Compliance Blog

Jan 04, 2023
Categories: UCC

Check Signatures According to the Model UCC

Bart Simpson

If Bart Simpson wrote me a check for 1 cent, I’d be very concerned. Not so much because it is a waste of a drive to my credit union to cash. It is because I know he is a prankster cartoon character. And in law school, **Spoiler Alert,** I learned that cartoon characters are NOT real. At least most of them aren’t.

Some compliance professionals have reached out to NAFCU Compliance to inquire about check signatures. Particularly, when a company representative signs a check in an unfamiliar way, is it acceptable to cash?

First things first, the Model Uniform Commercial Code (UCC) sections will be used as a reference in this blog. Keep in mind that each state adopts its own version of the UCC. Some states UCC might be identical to the Model UCC or may have language that changes certain responsibilities of the parties from those contained in the model version.

While the Model UCC is very helpful standard in understanding how negotiable instruments work, for more accurate interpretations concerning UCC issues such as check signing, your credit union should examine acceptable check signatures under your state's own version of the UCC. Also be mindful that other laws may additionally affect check collection and payment, such as Regulation CC or other Federal Reserve rules, so multiple sources may need to be reviewed by outside counsel. Further, note that your credit union’s policies and contracts might address check cashing signatures, as well.

The Model UCC definition of signature includes more than just a generic handwritten signature, i.e., your “John Hancock.” According to §1- 201(37) and 3-401(b), a signature may be made manually or by means of a device or machine (including a stamp or electronic signature) and by the use of any name, word, mark or symbol executed with the intent to authenticate the item. In addition to the person’s own signature, the person can be represented by an authorized agent or representative who signs the item, which binds the represented person to the same extent as if it were a simple contract.

Intent at the time the signature is made seems to be the turning point of whether it is acceptable to cash a check signed (or stamped) with an “X.” Based upon the language of the Model UCC, the signature can be made by electronic signature and the use of any name executed with the intent to authenticate the item.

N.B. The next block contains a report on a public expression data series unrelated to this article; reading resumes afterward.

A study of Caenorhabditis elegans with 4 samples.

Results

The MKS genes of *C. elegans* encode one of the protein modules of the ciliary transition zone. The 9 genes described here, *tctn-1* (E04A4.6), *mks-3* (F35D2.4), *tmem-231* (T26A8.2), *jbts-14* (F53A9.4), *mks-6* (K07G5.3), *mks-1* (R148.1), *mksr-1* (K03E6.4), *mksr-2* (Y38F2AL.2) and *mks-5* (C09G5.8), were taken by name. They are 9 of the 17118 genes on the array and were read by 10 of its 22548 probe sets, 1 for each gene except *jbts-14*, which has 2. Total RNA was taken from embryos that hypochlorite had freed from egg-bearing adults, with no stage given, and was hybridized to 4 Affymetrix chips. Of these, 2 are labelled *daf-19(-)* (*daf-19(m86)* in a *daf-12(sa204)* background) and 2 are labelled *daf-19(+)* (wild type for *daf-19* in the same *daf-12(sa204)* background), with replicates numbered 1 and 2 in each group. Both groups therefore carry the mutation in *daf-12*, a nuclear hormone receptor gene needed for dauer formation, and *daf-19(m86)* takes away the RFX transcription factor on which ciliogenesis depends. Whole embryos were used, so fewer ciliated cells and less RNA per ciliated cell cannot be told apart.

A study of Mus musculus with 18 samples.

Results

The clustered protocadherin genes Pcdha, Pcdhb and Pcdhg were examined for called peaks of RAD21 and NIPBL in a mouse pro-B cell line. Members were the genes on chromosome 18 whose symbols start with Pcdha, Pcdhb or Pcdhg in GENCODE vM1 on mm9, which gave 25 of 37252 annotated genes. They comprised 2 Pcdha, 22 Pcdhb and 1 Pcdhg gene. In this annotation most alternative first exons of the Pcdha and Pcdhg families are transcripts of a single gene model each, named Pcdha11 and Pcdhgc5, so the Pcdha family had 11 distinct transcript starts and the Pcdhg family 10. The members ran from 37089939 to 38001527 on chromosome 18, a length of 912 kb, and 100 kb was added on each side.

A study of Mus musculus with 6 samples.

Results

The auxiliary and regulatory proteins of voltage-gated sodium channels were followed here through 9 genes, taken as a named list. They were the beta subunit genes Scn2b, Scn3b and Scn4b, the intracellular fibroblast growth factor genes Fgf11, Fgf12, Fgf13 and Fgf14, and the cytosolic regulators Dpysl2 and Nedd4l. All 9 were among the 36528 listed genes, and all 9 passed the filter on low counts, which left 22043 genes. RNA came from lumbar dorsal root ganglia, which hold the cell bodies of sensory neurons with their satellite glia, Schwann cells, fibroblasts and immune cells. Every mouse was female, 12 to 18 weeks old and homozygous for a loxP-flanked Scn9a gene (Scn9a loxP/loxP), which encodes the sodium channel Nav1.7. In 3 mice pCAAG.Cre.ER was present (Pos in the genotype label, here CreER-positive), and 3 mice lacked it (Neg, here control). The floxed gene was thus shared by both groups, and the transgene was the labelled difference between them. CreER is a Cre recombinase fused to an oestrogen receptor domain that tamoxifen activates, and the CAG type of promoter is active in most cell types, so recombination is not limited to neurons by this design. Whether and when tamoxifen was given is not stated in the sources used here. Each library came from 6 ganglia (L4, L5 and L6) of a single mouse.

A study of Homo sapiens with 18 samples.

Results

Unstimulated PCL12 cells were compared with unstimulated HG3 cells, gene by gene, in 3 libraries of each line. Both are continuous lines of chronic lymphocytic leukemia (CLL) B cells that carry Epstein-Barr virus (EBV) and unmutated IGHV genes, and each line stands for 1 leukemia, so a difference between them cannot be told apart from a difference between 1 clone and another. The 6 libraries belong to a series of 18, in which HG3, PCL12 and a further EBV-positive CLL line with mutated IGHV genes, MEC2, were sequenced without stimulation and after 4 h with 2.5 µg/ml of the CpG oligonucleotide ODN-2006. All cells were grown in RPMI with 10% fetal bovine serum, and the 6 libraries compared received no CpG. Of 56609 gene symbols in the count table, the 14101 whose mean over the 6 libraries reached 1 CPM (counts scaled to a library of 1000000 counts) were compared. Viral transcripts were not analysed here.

So, by way of an example: Bart Simpson (a real person) signs a check made out to Lisa Simpson (also a real person), with a pre-stamped signature stating: “DON’T HAVE A COW, MAN!” While this is indeed a very odd signature, which appears to be either a joke or potentially fraudulent, the credit union may still find it acceptable to cash this wasteful 1 cent check. That is, if Bart Simpson intended to authenticate the check and other federal/state laws are not violated.

One of the ways a credit union could verify intent of the signer is to check its account agreement (or policies). If the member or business has already agreed to sign its checks with “DON’T HAVE A COW, MAN,” then the risk of cashing a fraudulent check is not as high. If the language of the account agreement (or credit union policy) does not speak to how the member or authorized signer should authenticate a check, then a quick call to the member to verify the check may help alleviate any doubts.

In short, if your member intends to authenticate the check or negotiable instrument (absent a violation of relevant law), using any mark, symbol, or trade name, your credit union may find that acceptable to cash. If you are unsure if a signature is written by your member (or authorized signer), verify the check with your member. Lastly, your credit union’s state laws, policies, and agreements could address acceptable signature authentication for check-cashing purposes. Developing policies with local counsel to address this issue may enhance your member service.


JaMonika Williams, Regulatory Compliance Counsel, NAFCU

JaMonika Williams, NAFCU-Regulatory-Compliance-Counsel

JaMonika Williams joined NAFCU as regulatory compliance counsel in July 2022. In this role, JaMonika assists credit unions with a variety of compliance issues.